Previous Challenge Entry (Level 4 – Masters)
Topic: STORM (10/05/17)
- TITLE: Homeless in a Time of Storm
By Sandra Fischer
I extend my hand with a fast food gift card I keep in my purse. “I hope this can help,” I barely hear my own voice.
“Thank you, ma’am.” Her voice and lips are even as she takes the card.
As I pull away, I see her in my rear-view mirror, walking slowly toward her car, head down.
Home. I unload the Walmart bags. Fresh meat, fruit, vegetables. Soap, shampoo, toilet paper. A thanksgiving table decoration. Outside the kitchen window, I see dark clouds approaching. In me, the storm is already raging, torrents of guilt pelting my heart.
Questions flood my mind. How did she come to that? Was it a hurricane, a wildfire, tornado? A husband who left or one she left? What kind of life storm—within or without made her Homeless? Does it matter what brought her there, what brings me to where I am?
I open the fridge and the cool air meets me, soothes me. I start to make space for new fare. The shelves are full—glutted with food; three different jars of pickles, two preserves, various bottles of condiments, more. I stare at a container of leftovers, spoiling. The storm resumes.
How do you live in a car? No stove, no toilet, no bed, no fridge. No leftovers.
I shut the fridge door and collapse at the kitchen table. Tears come easily, mingling with the rain falling outside and with the thoughts assailing me. I recall Jesus words, “whatever you did for one of the least of these. . .you did for me.”
I wonder. Would You have liked a fast food gift card? What should I have done? What can I do?
Sunday’s sermon comes to mind. I remember Pastor sharing how we can serve the needs of others in many ways. I recall one—a Community Coalition supported by our church that provides food, clothing, counseling and respite for those in need.
I retrieve the church bulletin from the recycle bin, find the information and write it down. It’s hope in my hand as I go back to my car.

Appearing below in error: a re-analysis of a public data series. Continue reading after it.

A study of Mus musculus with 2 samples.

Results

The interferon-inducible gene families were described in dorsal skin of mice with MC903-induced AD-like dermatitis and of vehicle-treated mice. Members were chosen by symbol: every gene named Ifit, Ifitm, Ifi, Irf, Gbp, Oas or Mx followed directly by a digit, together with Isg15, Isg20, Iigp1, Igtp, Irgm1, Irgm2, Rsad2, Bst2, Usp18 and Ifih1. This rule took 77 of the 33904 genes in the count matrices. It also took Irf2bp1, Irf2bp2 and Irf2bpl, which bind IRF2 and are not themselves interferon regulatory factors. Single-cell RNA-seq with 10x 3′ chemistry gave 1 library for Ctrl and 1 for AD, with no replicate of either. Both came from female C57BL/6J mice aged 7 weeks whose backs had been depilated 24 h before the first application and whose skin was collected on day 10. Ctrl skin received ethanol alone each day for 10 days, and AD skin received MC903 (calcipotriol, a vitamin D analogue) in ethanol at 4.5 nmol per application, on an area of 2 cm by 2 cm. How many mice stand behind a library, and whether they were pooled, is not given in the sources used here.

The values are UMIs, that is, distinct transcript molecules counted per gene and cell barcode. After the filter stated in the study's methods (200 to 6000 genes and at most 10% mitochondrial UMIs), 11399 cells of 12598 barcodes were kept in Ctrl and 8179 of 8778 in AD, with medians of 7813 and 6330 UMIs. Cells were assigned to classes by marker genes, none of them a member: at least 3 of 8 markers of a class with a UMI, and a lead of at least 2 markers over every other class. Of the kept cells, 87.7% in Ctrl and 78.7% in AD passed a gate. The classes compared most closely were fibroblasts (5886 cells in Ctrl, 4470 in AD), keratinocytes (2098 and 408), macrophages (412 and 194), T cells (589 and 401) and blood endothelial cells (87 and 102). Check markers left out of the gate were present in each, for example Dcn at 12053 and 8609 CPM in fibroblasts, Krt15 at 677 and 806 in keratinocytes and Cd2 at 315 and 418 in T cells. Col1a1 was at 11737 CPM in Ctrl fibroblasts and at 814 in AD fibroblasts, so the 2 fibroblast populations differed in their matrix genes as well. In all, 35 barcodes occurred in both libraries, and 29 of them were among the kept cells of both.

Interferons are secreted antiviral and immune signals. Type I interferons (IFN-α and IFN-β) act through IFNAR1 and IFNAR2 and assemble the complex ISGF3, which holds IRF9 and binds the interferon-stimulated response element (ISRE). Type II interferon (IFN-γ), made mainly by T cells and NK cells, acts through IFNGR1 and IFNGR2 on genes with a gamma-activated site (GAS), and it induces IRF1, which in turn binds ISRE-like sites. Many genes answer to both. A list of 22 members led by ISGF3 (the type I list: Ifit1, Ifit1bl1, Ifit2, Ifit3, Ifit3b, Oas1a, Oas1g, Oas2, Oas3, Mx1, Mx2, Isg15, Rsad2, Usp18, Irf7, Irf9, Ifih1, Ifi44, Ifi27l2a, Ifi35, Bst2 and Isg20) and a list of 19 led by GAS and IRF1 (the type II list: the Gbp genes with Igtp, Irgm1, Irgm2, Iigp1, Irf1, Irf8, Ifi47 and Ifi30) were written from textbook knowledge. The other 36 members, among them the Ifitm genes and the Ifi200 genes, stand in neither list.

I drive the miles back to Walmart, as the sky bursts open, drenching the world. I circle the parking lot in search for the Homeless car, peering through the steamy windshield between the beating wipers. As I approach the space, my heart beats in tandem. A car comes into view. It’s not Homeless. It’s a shiny, silver empty SUV.
Where has she gone? Is she safe? Did someone else help her?
Home again. I sink into a chair by the window, watching clouds move on northward. Droplets fall from longleaf pine to a ground covered by limbs and straw, remnants of the squall. I think about storms. They come to all of us. And, they go. We’re not assured what kind or when or how they come or what havoc they may bring. I think of Jesus, who had the power to calm them, who told us we would experience them and that we should help one another through them.
I don’t know where you are, Homeless. I pray you are safe and someone is helping to meet your needs today. I may not see you again, but I know there are others like you seeking refuge.
Sun streams through the window, evaporating rain-spots, clearing the view. I look at the hope note still clutched in my hand. I reach for the phone and punch numbers. A cheerful voice answers, “Community Coalition, how can I help you?”
That’s my question. She listens to my story, then asks if I have pencil and paper ready to list ways to serve those caught in life's storms.
I answer yes.
I recall an old hymn and I title the list, “Ways to be a Shelter in a Time of Storm”.